How to Position Your Business to Be Acquired

How to Position Your Business to Be Acquired

Many start their business with dreams of selling or having it acquired. If you are an entrepreneur or have a business idea you want to pursue, you may wonder why you need to think about selling your business at this stage.

Even if you aren’t planning to sell, building your business thoughtfully and with an eye toward making it highly acquirable is an effective way to build a healthy business. Plus, you’ll always be prepared in case an opportunity or desire to sell arises in the futureā€”it’s smart to have an exit strategy.

Many business acquisitions do not work out as hoped. Either the person selling their business gets significantly less than planned, or they are not able to find a buyer at all. An ROCG study of 502 business owners with revenues between $1 million and $100 million found that only 40 percent successfully transitioned their business and only 9 percent had a formal, written succession plan. The primary reason given was poor planning.

Selling a business starts on day one. The decisions you make as you launch your business will impact your decision to sell in three, four, and even five or more years from now. To sell your business successfully and make it acquirable, start preparing and planning right now. While you’re at it, check out business startup checklist download for a complete list of steps to keep in mind while you start your business.


To make your business ripe for acquisition, make it appealing to potential buyers. In sales, it is common practice to present your product or service as a solution to the needs, wants, and desires of your potential customer.

The same approach holds true if you want to make your business more desirable for sale. Once you know the needs, wants, and desires of a potential buyer, you can position your business in a way that appeals to a potential buyer’s motivations. Think of your business as your product, and your customers as the ones who will be buying it and give them exactly what they want.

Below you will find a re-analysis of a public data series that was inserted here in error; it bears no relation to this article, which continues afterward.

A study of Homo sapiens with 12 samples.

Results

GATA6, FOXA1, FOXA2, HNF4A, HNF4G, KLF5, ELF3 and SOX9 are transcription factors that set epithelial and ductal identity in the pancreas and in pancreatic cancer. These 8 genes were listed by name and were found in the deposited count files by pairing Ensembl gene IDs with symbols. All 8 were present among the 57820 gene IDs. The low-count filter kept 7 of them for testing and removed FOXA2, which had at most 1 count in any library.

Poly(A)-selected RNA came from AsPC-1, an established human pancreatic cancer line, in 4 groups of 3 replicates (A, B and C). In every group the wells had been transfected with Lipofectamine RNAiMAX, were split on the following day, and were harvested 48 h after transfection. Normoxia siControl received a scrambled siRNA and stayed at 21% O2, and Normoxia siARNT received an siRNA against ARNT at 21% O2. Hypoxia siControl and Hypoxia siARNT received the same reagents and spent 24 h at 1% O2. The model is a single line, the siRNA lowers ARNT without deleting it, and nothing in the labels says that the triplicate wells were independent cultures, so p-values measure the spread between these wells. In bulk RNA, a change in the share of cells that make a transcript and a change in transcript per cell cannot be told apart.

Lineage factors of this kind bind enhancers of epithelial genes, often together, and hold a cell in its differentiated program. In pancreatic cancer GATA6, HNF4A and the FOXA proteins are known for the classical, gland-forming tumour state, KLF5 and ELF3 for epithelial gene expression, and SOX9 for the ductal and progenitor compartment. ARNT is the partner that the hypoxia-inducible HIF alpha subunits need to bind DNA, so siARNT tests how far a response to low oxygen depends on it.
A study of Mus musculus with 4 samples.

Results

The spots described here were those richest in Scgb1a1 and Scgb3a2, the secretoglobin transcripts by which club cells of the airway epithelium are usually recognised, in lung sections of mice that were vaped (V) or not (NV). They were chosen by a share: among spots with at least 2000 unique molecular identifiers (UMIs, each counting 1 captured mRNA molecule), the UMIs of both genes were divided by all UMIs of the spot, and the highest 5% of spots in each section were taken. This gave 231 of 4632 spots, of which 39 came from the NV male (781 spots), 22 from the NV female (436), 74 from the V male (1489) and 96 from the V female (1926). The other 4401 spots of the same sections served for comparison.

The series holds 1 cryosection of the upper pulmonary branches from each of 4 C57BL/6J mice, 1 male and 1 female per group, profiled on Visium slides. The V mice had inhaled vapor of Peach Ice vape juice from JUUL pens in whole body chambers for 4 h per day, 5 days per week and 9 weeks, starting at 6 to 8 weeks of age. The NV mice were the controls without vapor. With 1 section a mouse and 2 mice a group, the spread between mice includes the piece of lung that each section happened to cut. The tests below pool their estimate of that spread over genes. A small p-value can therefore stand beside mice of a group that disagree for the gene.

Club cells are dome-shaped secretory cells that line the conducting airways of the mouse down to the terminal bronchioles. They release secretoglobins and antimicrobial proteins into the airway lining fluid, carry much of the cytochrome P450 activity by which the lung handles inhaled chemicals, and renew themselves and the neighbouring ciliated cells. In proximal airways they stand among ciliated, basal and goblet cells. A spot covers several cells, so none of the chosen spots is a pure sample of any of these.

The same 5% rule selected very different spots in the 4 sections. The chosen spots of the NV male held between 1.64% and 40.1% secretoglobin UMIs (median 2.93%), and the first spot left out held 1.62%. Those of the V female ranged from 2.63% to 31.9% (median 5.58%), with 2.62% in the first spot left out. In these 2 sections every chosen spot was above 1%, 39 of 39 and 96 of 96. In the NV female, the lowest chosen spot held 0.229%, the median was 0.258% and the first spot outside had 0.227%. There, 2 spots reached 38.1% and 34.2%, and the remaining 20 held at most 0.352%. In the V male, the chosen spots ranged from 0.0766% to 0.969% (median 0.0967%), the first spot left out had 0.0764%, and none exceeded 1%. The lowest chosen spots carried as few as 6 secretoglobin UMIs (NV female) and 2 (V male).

What do business buyers really want?

Business buyers focus primarily on ROI, or return on investment. To break this down, think about every acquisition or purchase you make in daily life. Maybe you pay a premium for healthy food and you expect a return on your investment, which is good health. When you eat at a restaurant, you expect a good dinner and experience, or a positive return on your investment.

In simple terms, your business buyers will expect a return on their investment, so it’s your job to position your business in a way that gives buyers a real opportunity to earn a strong return on their investment. With business acquisitions, the primary focus of the ROI is money. Buyers want assurance that your business will be profitable in the future.

Most business acquisitions focus on money. Even though many technology-focused startups hope to appeal to a strategic buyer, this is not realistic. Even with technology acquisitions or unique purchases, the company’s ultimate goal is to leverage that technology to drive ROI. There are no buyers who acquire businesses with the goal of losing money.


Though ROI is the most important factor in business acquisitions, it isn’t the only one. I’ve worked with dozens of businesses that had healthy earnings, yet they did not sell because they did not have other factors in place.

Let’s take a look at four other factors most business buyers consider before they pull the trigger. Remember, these need to be at the forefront of your mind from day one to effectively position your business for sale down the road. Thinking about them early increases the likelihood that your startup will be profitable either way.

Recent history and trends

Savvy buyers will definitely ask: What has your business done in the months preceding the acquisition? Are your profits trending upward or downward? A business that is growing in revenue and earnings and trending upward will be more desirable to a potential buyer than a business that is declining.

I spoke to a business owner recently who was bringing in $1.7 million in sales revenue. The problem was that in the prior year, his business lost money and fell to $350,000 in revenue. When he came to me, he was hoping to value the business at that $1.7 million mark, even though his profits had taken a recent nosedive. He believed he could get the revenue back up to its former glory, but a situation like this will spur buyer skepticism.

Serious buyers will want to see business stability and growth, and their best indicator will be its recent history. Buyers don’t care as much about potential or opportunity for revenue. They want the real numbers, and if they don’t look good in the present, the acquisition may not be successful.